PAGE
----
Walter Hudson recently interviewed me for the PJMedia website. He asked great questions and, more than any other reporter I have ever dealt with, really got the essence of what we are trying to do at CIP.
The sign at her feet read “For a nuclear free, carbon free future.” The one in her hands an equally predictable “Excessive wealth and consumption are dying paradigms. Renew American with a Green Revolution.”
Before her stood Alex Epstein, energy expert and frequent PJTV guest commentator. Noting the sign on the sidewalk, Epstein asked, “You’re opposed to nuclear power and [carbon dioxide] generating power?”
“Yes,” she answered.
“Do you know what percentage of power in the world those generate right now?”
“That’s not my concern. My concern is the people that are profiting off of power that is unsustainable….”
Calm among the hubbub of Zuccotti Park, Epstein endured a lengthy non-response, then answered the question for her.
“We’re talking about something that’s producing 95% of the power in the world,” he stated flatly. “This is the power that’s keeping people’s lights on. It’s keeping the food going. And you’re saying we ought to dismantle that somehow. And I’m saying, if that happens, the entire world as we know it will collapse.”
This is how Epstein and his cohort at the Center for Industrial Progress confront the menace of radical environmentalism. There is a difference between caring about the world we live in and elevating wilderness above human life. The former motivates industrious action, shaping the environment to promote a thriving human existence. The latter retards industry and reduces both the quality of life and the capacity to sustain it.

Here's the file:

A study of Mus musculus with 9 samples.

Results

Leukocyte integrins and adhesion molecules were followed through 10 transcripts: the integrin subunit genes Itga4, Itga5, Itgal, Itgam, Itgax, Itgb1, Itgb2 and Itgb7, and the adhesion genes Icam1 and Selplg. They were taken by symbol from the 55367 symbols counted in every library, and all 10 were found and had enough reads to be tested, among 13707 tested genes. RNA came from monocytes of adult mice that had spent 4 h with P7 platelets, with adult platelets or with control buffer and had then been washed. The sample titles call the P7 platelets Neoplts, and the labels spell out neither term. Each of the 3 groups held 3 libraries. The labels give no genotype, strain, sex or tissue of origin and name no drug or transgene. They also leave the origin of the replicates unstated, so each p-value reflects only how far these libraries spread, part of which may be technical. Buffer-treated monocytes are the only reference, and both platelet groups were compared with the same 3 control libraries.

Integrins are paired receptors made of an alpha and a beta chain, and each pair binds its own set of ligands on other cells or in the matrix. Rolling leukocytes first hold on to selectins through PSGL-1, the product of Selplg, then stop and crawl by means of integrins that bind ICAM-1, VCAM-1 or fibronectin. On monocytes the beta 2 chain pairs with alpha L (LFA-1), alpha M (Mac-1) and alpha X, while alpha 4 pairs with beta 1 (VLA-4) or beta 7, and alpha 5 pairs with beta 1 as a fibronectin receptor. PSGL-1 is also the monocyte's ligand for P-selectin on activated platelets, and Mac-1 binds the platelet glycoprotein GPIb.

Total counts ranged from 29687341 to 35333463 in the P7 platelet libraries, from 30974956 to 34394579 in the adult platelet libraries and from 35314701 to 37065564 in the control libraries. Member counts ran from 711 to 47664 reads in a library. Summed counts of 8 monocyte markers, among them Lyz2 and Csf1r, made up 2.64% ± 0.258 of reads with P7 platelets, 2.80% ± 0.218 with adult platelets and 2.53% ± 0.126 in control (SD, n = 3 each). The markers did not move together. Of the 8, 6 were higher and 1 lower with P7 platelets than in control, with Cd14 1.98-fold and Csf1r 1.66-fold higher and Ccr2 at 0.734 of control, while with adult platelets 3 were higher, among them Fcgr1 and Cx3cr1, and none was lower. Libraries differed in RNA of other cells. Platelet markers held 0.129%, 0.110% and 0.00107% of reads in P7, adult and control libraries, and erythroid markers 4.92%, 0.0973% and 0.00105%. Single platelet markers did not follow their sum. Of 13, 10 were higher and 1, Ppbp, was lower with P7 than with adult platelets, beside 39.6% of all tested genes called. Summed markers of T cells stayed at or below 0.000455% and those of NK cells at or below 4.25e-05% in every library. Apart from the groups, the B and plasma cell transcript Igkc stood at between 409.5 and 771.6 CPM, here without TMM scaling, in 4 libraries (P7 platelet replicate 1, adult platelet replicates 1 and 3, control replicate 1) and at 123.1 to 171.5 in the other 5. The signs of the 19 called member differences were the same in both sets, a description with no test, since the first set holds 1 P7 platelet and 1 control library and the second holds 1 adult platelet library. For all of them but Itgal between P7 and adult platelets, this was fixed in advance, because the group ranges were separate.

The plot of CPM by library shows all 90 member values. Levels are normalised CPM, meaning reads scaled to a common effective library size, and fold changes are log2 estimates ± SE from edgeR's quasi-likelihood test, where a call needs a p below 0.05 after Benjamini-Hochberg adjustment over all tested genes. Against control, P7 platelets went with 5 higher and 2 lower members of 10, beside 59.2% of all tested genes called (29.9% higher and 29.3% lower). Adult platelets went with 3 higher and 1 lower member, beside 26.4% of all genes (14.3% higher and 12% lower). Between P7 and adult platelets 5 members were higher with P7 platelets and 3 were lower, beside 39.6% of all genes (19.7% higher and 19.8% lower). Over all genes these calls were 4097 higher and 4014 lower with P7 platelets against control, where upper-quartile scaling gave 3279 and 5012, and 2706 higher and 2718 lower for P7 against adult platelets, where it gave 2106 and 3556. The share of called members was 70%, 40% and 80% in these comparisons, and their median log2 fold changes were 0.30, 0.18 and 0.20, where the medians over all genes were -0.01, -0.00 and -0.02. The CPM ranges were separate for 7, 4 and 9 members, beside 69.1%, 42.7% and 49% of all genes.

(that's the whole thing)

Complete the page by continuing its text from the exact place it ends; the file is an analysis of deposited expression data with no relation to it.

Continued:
On top of that, the legendary Instapundit blog linked to the story, which led to a lot of attention.
Here’s an excerpt from the interview:
PJ Media: How would you advise Tea Partiers and activists of like mind seeking to increase their literacy on energy policy and environmental issues?
Epstein: I would say first and foremost increase your literacy on industrial and environmental philosophy. Most of the political decision-making about energy and industry today is not based on economics or science, but rather bad philosophical ideas about our proper relationship to our environment. In every policy debate, there is a dogmatic obsession with only the negative impacts or possible impacts human beings can have (for example, an oil spill) and a dogmatic ignorance of the radically positive impact that, for example, coal, oil, natural gas, etc. have had on the human environment over the past two centuries. What that points to is that there is a deep-seated belief in our culture that there is something inherently wrong with the human project of transforming nature.